The History of England

from Celts through 20th century

Highland Dress

Category: Customs + Festivals

The old Highland dress has changed very little. The coat or jacket was sometimes of green, blue or black cloth. But the arrangements of the belted plaid were of the greatest importance in the toilet of a Highlandman of fashion. It was fastened across the breast by a large silver bodkin or circular brooch often enriched with precious stones or imitations of them, having engraved mottoes consisting of allegorical sentences or mottoes of armorial bearings. These were employed to fix the plaid on the left shoulder.

A large purse of goat’s or badger’s skins answering the purpose of a pocket, and ornamented with a silver or brass mouthpiece and many tassels, hung before. A disk with a knife and fork stuck in the side of the sheath, and sometimes a spoon, together with a pair of steel pistols, were essential accompaniments. The bonnet which gentlemen generally wore with one or more feathers completed the national garb. The dress of the common people differed only in the deficiency of finer or brighter colours and of silver ornaments, being otherwise essentially the same, a tuft of heather, pine, holly, oak, etc., supplying the place of feathers in the bonnet.

The belted plaid consisted of six ells* of double tartan — about five feet wide and eighteen feet long. It was laid out and pleated until its length had been reduced to about five feet. The wearer then lay down on it so that its lower edge was above the back of the knee, folded the two unpleated ends across his front and fastened the whole thing round his waist with a belt. He then stood up, put on his jacket, and gathered up the upper part of the tartan and pinned it to his left shoulder, leaving his right or sword-hand free. The net result was something similar to the small kilt worn with a plaid in modern full Highland dress, except that it was much bulkier around the middle.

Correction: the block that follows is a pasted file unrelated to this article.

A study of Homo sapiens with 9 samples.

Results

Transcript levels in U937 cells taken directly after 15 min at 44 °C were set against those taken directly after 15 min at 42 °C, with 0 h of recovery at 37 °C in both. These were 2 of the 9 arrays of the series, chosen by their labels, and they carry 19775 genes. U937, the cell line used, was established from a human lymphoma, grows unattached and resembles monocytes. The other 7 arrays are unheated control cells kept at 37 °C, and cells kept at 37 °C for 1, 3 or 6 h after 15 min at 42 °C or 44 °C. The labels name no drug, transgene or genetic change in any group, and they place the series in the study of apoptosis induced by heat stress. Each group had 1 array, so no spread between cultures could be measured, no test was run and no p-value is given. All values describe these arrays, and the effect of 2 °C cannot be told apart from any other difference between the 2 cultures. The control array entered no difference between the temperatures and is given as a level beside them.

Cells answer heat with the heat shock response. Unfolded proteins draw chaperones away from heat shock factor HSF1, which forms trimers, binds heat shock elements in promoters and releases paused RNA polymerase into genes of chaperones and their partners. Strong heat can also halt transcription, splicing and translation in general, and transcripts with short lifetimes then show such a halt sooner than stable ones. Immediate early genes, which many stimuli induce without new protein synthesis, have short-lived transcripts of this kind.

There are two main forms of plaid. The full plaid is worn bandolier fashion, usually under the sword-belt, passing under the right arm and brooched to the left shoulder by a plaid brooch. Military bandsmen display great skill in arranging the pleating of that part of the plaid which is round the body. The other style of plaid is the short belted plaid, which fastens to the waist behind by a strap, and is attached tothe left shoulder with a shoulder brooch, the loose part hanging in front.

There are many different types of tartans, the three commonest being the clan sett*, the hunting sett, and in rarer cases the dress sett. Some clans possess all three, others have only aclan sett. Most clans have adopted hunting setts nowadays, unless the clan sett is predominantly dark anyway. There are, however, certain other types of tartan whose significance is not always generally understood.

Tartan is worn by Highland women in two principal forms, tartan skirts worn with jumpers or twin sets, and tartan costumes. Tartan scarves are also popular.